Quantum Fluctuations of Fields: Vacuum Explained

• Lapidus
In summary, Fields do fluctuate in the vacuum, however they are considered as 'mathematical fiction' and not really significant.
Lapidus
Do fields have quantum fluctuations and are non-zero in the vacuum?

Non-zero in the same way that for a harmonic oscillator the wave function is non-zero for values of the position of the harmonic oscillator?

Or are they considered as 'mathematical fiction' just as 'virtual' particles?

thanks

As far as I know the term "vacuum fluctuation" is assigned just to virtual particles spontaneously coming to "existence".

Let's take a case from standard non-relativistic QM:

Consider two noble gas atoms in vacuum, separated by a significant distance. They interact via the Coulomb potential (so it's instantaneous, no fields or mediation going on here). So the total wave function of the system can't be the sum of the wave functions of the two atoms, since there's an interaction going on. It's basically an entangled state, the state of atom 1 is not independent of the state of atom 2.

This gives rise to the London dispersion force - the total energy of the true system is lower than the system of two non-mutually-interacting atoms. You can describe this as being due to the quantum uncertainty or 'fluctuations' in electron density since the contribution is by definition the contribution from the instantaneous, position-dependent interaction between the electrons. But it's the ground state and so it's time-independent, so there are no actual measurable temporal 'fluctuations' going on.

So how do you calculate that interaction? Again, assume you know the wave functions of the isolated individual atoms. So you can use that as a basis and use the Ritz variational method or perturbation theory. As I already said, the ground states of the two isolated atoms is not the true ground state of the interacting pair of atoms. So if I describe my interacting wave function in that basis, I'll have contributions from the "virtual" excited states of those non-interacting atomic wave functions. That does not mean that those atoms are actually in an excited state, because those states are not eigenstates of the true Hamiltonian. These "excitations" only exist because of the choice of basis. The electrons aren't in excited states - which should be obvious: If you have two atoms in their electronic ground states and bring them into proximity, lowering their mutual ground state energy, how could that lead to a real excitation?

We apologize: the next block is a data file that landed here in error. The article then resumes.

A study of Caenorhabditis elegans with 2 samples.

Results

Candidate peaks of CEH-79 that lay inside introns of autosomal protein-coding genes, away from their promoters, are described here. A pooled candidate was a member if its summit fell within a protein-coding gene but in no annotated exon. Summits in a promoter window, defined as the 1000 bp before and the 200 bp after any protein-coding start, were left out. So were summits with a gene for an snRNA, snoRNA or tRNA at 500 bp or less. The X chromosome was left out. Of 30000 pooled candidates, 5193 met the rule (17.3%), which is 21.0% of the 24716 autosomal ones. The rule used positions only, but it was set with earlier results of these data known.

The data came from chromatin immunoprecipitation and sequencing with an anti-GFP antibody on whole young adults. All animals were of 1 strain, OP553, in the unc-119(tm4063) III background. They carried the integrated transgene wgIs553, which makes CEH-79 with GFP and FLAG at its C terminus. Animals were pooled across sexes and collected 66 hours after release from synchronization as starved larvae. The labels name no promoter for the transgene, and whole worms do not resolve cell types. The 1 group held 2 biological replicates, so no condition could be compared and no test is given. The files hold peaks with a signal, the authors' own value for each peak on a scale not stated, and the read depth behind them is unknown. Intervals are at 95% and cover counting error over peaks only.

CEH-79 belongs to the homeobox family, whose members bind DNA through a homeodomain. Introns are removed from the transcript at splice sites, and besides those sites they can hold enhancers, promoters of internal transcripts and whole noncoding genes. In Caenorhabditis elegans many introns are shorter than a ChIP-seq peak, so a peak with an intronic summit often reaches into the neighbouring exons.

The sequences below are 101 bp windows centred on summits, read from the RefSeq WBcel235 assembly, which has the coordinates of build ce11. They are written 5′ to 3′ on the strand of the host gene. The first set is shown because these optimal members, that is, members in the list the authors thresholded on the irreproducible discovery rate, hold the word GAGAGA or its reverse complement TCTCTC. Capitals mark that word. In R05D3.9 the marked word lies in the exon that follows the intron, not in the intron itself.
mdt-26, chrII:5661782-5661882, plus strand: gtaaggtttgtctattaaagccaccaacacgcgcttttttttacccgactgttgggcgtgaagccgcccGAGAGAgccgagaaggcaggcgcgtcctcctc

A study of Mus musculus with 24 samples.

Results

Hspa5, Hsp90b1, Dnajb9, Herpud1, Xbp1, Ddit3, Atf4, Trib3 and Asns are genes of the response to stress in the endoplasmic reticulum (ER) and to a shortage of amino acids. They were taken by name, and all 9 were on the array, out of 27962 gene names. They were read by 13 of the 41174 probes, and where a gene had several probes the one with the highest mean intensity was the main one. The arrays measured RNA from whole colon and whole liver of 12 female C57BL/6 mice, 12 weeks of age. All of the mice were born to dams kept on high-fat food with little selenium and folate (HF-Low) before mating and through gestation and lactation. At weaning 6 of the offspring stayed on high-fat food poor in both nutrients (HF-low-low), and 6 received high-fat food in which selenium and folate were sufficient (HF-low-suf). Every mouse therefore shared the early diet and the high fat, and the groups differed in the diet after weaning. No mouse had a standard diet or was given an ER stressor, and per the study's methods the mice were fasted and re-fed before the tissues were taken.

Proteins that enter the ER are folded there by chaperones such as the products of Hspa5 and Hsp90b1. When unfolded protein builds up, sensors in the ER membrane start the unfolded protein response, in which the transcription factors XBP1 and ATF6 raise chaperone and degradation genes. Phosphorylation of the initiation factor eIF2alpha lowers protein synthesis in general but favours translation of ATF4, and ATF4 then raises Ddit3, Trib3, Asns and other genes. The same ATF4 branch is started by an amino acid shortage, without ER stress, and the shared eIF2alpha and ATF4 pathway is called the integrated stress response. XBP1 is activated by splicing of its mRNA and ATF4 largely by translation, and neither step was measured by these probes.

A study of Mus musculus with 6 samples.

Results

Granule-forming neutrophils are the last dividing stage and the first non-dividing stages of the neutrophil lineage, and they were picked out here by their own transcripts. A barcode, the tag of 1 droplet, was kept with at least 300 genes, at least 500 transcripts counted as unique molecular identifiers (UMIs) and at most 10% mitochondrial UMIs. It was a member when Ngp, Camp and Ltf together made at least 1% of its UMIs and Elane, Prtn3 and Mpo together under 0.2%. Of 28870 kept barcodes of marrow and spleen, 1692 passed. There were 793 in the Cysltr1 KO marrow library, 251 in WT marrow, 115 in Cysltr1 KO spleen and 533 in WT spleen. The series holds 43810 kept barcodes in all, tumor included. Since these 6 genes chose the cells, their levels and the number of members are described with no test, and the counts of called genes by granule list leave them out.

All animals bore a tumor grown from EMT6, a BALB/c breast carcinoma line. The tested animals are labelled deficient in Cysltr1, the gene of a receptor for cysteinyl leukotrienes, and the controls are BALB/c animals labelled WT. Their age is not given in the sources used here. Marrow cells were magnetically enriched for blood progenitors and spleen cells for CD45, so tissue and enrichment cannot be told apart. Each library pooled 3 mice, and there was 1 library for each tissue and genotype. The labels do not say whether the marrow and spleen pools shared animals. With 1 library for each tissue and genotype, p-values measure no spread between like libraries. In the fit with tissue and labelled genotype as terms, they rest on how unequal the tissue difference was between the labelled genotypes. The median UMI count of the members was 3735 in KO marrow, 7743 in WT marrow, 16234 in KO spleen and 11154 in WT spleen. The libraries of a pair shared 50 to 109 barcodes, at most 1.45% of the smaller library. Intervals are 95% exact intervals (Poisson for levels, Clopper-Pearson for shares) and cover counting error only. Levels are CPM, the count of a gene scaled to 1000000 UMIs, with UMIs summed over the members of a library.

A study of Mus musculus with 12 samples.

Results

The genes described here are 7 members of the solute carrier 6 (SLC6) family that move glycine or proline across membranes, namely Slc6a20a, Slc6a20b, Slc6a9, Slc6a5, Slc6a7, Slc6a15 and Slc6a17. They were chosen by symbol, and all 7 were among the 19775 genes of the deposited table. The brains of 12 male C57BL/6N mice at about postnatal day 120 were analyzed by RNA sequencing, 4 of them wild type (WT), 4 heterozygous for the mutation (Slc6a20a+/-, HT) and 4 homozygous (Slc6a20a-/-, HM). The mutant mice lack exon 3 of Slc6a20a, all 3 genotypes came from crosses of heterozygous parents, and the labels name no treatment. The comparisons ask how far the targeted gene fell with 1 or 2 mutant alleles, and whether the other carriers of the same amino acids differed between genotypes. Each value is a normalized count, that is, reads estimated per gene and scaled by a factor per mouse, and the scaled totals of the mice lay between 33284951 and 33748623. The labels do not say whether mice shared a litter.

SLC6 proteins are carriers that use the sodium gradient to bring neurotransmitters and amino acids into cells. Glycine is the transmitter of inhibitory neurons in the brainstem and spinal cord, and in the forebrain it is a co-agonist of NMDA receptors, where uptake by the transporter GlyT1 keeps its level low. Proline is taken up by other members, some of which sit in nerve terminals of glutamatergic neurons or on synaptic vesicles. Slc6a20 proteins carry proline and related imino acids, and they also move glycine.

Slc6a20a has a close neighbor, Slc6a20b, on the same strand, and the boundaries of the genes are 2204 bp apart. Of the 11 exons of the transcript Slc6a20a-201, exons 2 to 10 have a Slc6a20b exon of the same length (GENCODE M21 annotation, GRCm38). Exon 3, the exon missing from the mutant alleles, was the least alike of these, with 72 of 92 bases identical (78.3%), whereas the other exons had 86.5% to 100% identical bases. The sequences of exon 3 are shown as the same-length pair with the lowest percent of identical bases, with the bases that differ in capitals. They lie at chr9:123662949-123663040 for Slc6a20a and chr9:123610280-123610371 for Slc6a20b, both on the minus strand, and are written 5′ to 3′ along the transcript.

Now realize that the electromagnetic field is itself quantized and subject to the same kind of quantum behavior. If you take that into account in the above situation, you have an additional contribution to the dispersion force called the Casimir effect. But if you like, you can also simply consider a single atom and its interaction with the field, rather than another atom. Again you have contributions to its behavior because of that interaction. And again, you can describe those contributions in terms of 'virtual' excited states, which in the case of the field is what you call 'virtual particles'. And the reason is the same, you're starting from a non-interacting description.

Thanks for the anwers, especially alxm, nice one!

1. What are quantum fluctuations of fields?

Quantum fluctuations of fields refer to the random and unpredictable variations in the strength and direction of a field, which is a region of space that has a specific physical property, such as electromagnetic field or gravitational field. These fluctuations occur at the smallest scale of subatomic particles and are a fundamental aspect of quantum mechanics.

2. How are quantum fluctuations of fields related to the vacuum state?

According to quantum field theory, the vacuum state is not truly empty, but is instead filled with a sea of virtual particles and antiparticles that constantly pop in and out of existence. These virtual particles contribute to the quantum fluctuations of fields, causing them to fluctuate in strength and direction.

3. What is the significance of quantum fluctuations of fields?

Quantum fluctuations of fields are essential for our understanding of the behavior of particles at the quantum level. They play a crucial role in phenomena such as the Casimir effect and the Lamb shift, and are also important in cosmology, as they are thought to have played a role in the evolution of the early universe.

4. Can quantum fluctuations of fields be observed?

Since quantum fluctuations occur at such a small scale, they cannot be directly observed. However, their effects can be observed through experiments and calculations, such as in the measurement of the Casimir effect. Additionally, the existence of virtual particles and their contribution to quantum fluctuations has been confirmed through the effects of Hawking radiation.

5. How do quantum fluctuations of fields relate to the uncertainty principle?

The uncertainty principle states that it is impossible to simultaneously know the exact position and momentum of a particle. Quantum fluctuations contribute to this uncertainty, as the particles that pop in and out of existence in the vacuum state can have unpredictable effects on the position and momentum of particles. This is a fundamental aspect of quantum mechanics and is related to the Heisenberg uncertainty principle.